People rarely read web pages word by word; instead, they scan the page, picking out individual words and sentences. Research on how people read websites found that 79% of test users always scanned any new page they came across; only 16% read word-by-word.
Get To the Point
- When a user visits your website you have about 5 seconds to grab their attention before they click off.
- A good site gives users the information that they need quickly and efficiently.
The Five Second Test
- Go to one of the important pages on your site - one that should drive key goals.
- Now, look at that page for 5 seconds or, better yet, ask someone not familiar with your page to view it.
- Remember, no more than 5 seconds!
- Now - have them name what stood out, was it clear what action you’re wanted them to take?
Solution - Use Scannable Text
- Highlighted keywords - hypertext links serve as one form of highlighting; typeface variations and color are others
- Break documents into separate topics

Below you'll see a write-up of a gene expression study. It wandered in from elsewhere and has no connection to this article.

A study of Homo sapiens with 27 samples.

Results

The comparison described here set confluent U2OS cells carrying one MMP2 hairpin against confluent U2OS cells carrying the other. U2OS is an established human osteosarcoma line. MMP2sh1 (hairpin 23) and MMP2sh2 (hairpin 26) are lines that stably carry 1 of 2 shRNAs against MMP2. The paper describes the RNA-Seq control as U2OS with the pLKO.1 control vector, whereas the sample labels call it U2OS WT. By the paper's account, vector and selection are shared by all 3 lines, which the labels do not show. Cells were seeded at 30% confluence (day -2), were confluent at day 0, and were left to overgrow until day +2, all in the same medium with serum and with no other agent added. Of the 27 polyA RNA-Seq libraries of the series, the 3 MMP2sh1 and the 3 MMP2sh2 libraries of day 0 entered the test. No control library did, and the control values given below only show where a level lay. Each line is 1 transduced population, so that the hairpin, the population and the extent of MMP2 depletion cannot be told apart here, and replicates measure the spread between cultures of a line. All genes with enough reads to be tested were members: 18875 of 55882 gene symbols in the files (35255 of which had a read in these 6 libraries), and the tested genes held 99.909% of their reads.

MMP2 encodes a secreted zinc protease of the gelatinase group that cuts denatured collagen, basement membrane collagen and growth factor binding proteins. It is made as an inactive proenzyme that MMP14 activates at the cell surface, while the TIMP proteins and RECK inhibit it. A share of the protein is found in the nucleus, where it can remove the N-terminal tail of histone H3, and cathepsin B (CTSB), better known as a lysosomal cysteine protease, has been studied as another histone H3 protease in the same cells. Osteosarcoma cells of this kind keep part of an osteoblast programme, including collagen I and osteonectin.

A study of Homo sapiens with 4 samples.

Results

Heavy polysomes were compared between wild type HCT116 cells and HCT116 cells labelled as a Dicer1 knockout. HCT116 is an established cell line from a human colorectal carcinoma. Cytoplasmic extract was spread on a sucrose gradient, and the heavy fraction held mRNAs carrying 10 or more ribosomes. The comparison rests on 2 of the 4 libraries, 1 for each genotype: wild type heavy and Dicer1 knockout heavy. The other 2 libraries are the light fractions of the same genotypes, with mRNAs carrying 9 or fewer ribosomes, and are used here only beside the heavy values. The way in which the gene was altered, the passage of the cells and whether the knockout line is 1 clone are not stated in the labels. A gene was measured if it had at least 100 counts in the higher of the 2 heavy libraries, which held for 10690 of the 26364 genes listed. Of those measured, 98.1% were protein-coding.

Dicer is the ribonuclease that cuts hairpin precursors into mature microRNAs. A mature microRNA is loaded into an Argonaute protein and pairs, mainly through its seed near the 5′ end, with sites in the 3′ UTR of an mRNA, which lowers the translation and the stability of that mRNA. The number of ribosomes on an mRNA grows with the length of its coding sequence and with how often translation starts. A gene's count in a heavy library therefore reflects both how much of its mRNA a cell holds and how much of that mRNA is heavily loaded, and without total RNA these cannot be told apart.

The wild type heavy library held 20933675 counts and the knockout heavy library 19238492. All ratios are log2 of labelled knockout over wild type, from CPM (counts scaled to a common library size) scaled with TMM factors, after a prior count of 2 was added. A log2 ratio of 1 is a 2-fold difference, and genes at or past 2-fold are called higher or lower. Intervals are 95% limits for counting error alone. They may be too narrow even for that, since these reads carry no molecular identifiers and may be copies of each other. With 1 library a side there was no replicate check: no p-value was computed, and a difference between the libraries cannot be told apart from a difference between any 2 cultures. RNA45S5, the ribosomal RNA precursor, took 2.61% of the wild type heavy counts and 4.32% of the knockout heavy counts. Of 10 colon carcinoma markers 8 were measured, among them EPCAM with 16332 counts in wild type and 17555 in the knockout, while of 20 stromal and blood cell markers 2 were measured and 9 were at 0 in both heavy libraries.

- Use meaningful sub-headings (not "clever" ones) – questions often make great headings.
- Use bulleted lists
- Short sentences – 5 to 10 words
- This does not mean adhering to a defined word or character length for every piece of content.
- Try to say what you need in the shortest, clearest way possible - Half the word count (or less) than conventional writing
- One idea per paragraph - users will skip over any additional ideas if they are not caught by the first few words in the paragraph
- Craft the first sentence to capture attention
- Use the inverted pyramid style, starting with the conclusion
- Short paragraphs - 50 words or less. One sentence paragraphs are ok!